Monday, January 14, 2013

Video Game and App Cloning Litigation Heats Up in 2013

The EA v. Zynga and Triple Town v. Yeti Town cases are ushering in a new wave of cutting edge copyright litigation in the games and apps space.  The video game space is notorious for copying or cloning of apps.  This has long been a criticism of Zynga - so much so that EA finally had enough and decided to test the limits of its copyrights in the expressive elements of Sims Social.

Copyright protects many things but it does not protect ideas or, in this instance, game concepts.  It may, however, protect the expression of certain game concepts such as character traits in Sims Social or the look and feel of the graphical interface of Triple Town.  Thus far, the Courts in both cases agree that EA and Triple Town have alleged legally sufficient claims.  The battle over expressive elements in video games and apps may go a long way to shaping the profitability of gaming intellectual property in the coming decade.  If app developers are granted expansive rights under the Copyright Act, licensing opportunities may exist or copyrights may be used offensively to keep competitors out of the lucrative apps marketplace.  Currently, this is common place with regard to patents where companies arm themselves with large portfolios of patents, often of dubious nature, in order to mount offensive attacks against competitors.  This has most famously been on display in the smart phone wars waged between Apple and its chief rival Samsung.

For these reasons, gaming infringement litigators will be paying close attention to the outcome of the EA and Triple Town app cloning lawsuits.

Monday, January 7, 2013

Scraping Lawsuits and Copyright Claims

Professor Eric Goldman had an interesting post recently recapping the growth of scraping lawsuits in the e-real estate industry.  Web scraping, in simplest terms, is the practice of harvesting data from a particular website.  Often, this data is copied and re-packaged on another website for the purpose of monetary gain - either through sales, clicks or links.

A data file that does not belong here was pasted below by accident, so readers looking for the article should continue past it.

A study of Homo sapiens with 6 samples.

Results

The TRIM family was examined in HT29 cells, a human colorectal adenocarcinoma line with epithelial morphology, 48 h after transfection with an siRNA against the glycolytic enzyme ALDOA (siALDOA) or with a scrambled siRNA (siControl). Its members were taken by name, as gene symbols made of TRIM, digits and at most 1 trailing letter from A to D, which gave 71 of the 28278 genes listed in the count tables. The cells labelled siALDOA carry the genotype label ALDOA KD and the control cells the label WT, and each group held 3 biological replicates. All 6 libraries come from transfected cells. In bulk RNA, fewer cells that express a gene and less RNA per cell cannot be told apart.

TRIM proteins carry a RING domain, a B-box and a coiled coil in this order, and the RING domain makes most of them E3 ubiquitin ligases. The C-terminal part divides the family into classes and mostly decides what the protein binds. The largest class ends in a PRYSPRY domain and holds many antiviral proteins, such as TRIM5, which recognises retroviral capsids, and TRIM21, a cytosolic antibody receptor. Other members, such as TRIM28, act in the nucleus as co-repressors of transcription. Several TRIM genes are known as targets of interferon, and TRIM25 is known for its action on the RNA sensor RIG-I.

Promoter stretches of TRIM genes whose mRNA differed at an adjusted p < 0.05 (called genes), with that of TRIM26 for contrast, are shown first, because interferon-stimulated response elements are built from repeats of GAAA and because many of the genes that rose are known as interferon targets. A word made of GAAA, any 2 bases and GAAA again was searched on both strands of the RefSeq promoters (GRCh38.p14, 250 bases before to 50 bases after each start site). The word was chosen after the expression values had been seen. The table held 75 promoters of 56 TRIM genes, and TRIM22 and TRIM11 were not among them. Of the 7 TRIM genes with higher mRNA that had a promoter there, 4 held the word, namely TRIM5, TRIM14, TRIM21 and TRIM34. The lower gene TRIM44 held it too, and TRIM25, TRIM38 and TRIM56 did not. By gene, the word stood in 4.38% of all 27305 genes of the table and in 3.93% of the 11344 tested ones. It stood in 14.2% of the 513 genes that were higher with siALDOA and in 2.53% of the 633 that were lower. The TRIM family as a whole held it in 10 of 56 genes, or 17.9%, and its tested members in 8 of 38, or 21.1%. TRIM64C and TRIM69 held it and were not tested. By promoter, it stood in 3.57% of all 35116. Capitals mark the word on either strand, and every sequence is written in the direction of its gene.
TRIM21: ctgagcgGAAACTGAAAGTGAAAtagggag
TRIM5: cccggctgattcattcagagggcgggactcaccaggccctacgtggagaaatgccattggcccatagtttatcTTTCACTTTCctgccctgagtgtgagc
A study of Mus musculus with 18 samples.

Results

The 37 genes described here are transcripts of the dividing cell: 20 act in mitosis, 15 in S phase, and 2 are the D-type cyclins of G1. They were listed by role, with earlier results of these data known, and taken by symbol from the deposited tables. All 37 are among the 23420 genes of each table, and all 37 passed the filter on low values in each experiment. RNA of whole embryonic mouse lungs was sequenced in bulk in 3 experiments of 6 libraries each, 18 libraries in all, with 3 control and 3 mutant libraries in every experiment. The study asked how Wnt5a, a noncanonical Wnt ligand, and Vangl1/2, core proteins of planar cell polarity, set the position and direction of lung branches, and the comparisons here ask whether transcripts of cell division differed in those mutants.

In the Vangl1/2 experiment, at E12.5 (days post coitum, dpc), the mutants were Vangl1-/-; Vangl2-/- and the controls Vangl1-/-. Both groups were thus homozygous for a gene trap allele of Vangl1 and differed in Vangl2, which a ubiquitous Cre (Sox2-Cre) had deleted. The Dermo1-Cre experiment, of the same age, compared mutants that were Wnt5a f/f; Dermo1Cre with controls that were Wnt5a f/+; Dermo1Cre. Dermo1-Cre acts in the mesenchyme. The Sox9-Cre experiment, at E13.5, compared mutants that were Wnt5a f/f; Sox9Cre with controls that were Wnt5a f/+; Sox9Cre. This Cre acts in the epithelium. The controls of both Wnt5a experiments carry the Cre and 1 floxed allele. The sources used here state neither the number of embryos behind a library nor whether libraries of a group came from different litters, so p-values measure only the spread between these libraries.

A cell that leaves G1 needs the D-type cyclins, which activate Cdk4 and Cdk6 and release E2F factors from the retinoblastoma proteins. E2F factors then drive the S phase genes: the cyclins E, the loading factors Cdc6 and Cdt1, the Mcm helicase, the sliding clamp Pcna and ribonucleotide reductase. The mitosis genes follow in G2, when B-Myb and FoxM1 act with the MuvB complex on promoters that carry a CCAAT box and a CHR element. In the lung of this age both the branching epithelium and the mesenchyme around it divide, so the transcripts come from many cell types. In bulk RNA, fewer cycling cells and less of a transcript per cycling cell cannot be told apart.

Real estate websites, as Goldman's post points out, are particularly susceptible to this practice.  Real estate internet listings usually consist  of photographs and text descriptions of the property.  Copyright law is the most obvious tool useful for protecting such information and prosecuting data scrapers.  Interesting analysis has appeared lately questioning whether or not the text descriptions of the properties contain enough creative expression to deserve protection under the Copyright Act.  Furthermore, scrapers may advance a broad defense under the Fair Use Doctrine.

Goldman points out, and I agree, that the photographic elements of such listings likely provide the strongest protection.  Photographs are generally unquestionably granted protection under the Copyright Act.  As such, multi-listing services should make sure not only to include photographs but to obtain proper ownership and submit copyright registrations.  Registrations entitle plaintiffs to statutory damages and attorney fees in the event of infringement.  This is important because often scraping infringements do not result in quantifiable or significant damages - rendering litigation an unprofitable option. 

Even if copyright infringement claims are not clear, there are usually a number of viable state law claims to combat scraping.  The most obvious is breach of contract - which can be accomplished by inserting a no scraping clause in a website's terms of service.  Some courts may have problem with assent if there is no affirmative click through agreement.  Secondly, depending on how scraping is accomplished (there are several methods), there may be claims under the CFAA for unauthorized server access.  Finally, many states, in particular, California, have unfair competition laws which offer broad protection for business practices deemed unfair.  As long as pecuniary damages can be shown or that the defendant profited from the scraping activity, such claims are likely to succeed. 

An experienced Internet copyright litigation attorney is able to advise both defendants and plaintiffs of their rights in web-scraping cases.